Forest for the Burnt Trees

He has lived in a world like no other. As a member of the Pastor dynasty that dominates property in Monaco, Phillipe grew up carrying a sketch book and spent his time in the art world as an adolescent in Saint-Paul-De-Vence with his stepfather Adrien Maeght. There is nothing abstract in his expression about the saving the planet.

By Lanie Goodman


His deep gravelly voice might have belonged to a rock singer; his tone, sober and emphatic. And if he had his way, says Philippe Pastor, he would line France’s highways with replanted blackened Trees charred by fire.

Widely known for his series of 7-meter-high sculptures, “Burnt Trees,” recently on exhibit in front of the Monte Carlo Casino for the 73rd Monegasque Red Cross Gala last July, the Monegasque artist is unequivocal about his intent—inspiring vigilance and reminding people of one of many environmental perils that endanger the future of our planet.

“Man is self-destructive,” the 61-year-old declares, and goes on to explain the origin of his tree sculptures, which date back to 2003. While working in his former atelier in La Garde Freinet, a wooded hilltop town near Saint Tropez, Pastor was trapped in a devastating forest fire that raged for several days. During the aftermath, surrounded by ashes and smoke, the artist hauled several carbonized tree trunks to his workshop, lined them up, and decided to combine them with debris taken from crashed cars.

“I added painted scraps of sheet metal from cars that had been totaled in accidents to accentuate that self-destructive aspect,” explains Pastor. For the works recently installed at the entrance to Saint-Paul-de-Vence at the Saint Roch round-about, his choice of primary colors is a sly tribute to Matisse, Calder and Miró. These monumental installations are scattered across the globe—Paris’ Gare du Nord, Nice’s airport, the United Nations in Nairobi, as well as in Milan, New York and Singapore.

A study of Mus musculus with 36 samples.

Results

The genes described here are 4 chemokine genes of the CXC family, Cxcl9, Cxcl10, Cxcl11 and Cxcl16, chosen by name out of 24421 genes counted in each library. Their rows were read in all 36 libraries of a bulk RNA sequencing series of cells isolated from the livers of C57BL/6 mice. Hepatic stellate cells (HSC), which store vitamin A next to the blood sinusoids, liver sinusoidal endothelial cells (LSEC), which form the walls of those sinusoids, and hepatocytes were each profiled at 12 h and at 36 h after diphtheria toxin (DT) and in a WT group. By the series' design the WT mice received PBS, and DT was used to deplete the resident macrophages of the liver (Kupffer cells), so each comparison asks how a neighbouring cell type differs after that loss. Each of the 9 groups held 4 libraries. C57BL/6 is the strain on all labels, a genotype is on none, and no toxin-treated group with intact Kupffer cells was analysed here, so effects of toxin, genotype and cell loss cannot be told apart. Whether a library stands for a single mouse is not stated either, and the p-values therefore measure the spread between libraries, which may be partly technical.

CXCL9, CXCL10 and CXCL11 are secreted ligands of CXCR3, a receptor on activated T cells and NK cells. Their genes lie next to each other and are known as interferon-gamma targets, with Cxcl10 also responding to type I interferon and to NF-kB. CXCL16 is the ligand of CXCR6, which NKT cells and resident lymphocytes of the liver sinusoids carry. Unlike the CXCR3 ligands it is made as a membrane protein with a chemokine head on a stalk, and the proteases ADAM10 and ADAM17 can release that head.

With ateliers in Monaco and Spain (“I spend six months in each place”), various honors including the Knight of Order of Cultural Merit, awarded by Prince Albert, and international recognition for his series of powerful gigantic abstract paintings, Pastor’s career is anything but typical.

First, he is self-taught, and methodic in his approach. Take, for example, his series “Avec le Temps,” where the artist combines a celestial blue made from natural pigment from the Atlas Mountains with natural materials. “I use leaves, pine needles, bits of wood —not flowers since they turn to dust after a few months—and combine them with different kinds of glue. Before you can talk about the esthetic of a painting, there is a lot of time and research that goes into finalizing a canvas—first, second and third layers of paint, drying it either with a fan or in the sun, allowing it to weather outside, and the different tools I use in the process. For my monochrome paintings, I’ve spent the last fifteen years reflecting on the problematic of the lack of water on earth, which includes pollution of the oceans and the scarcity of drinking water.”

Similarly, Pastor’s series on glaciers brings him to the climatic disasters of the North Pole. “I was very interested by the dominance of white, black and the slightest hint of sky blue that you see in the ice,” he enthuses.

So how exactly did Pastor enter the world of art? “I’ve always carried around a sketch book. And I used to try to copy Braque and Calder when I was young,” he says, evoking, in passing, his time spent in the art world as an adolescent in Saint-Paul-de-Vence. And above all, his immense admiration for his stepfather, Adrien Maeght, art dealer and collector, whom his mother remarried when Pastor was fourteen. “Obviously, I spent time at the Fondation Maeght and knew a lot of artists like César,” Pastor says, frowning, “but I’d rather not dwell on those anecdotes today.”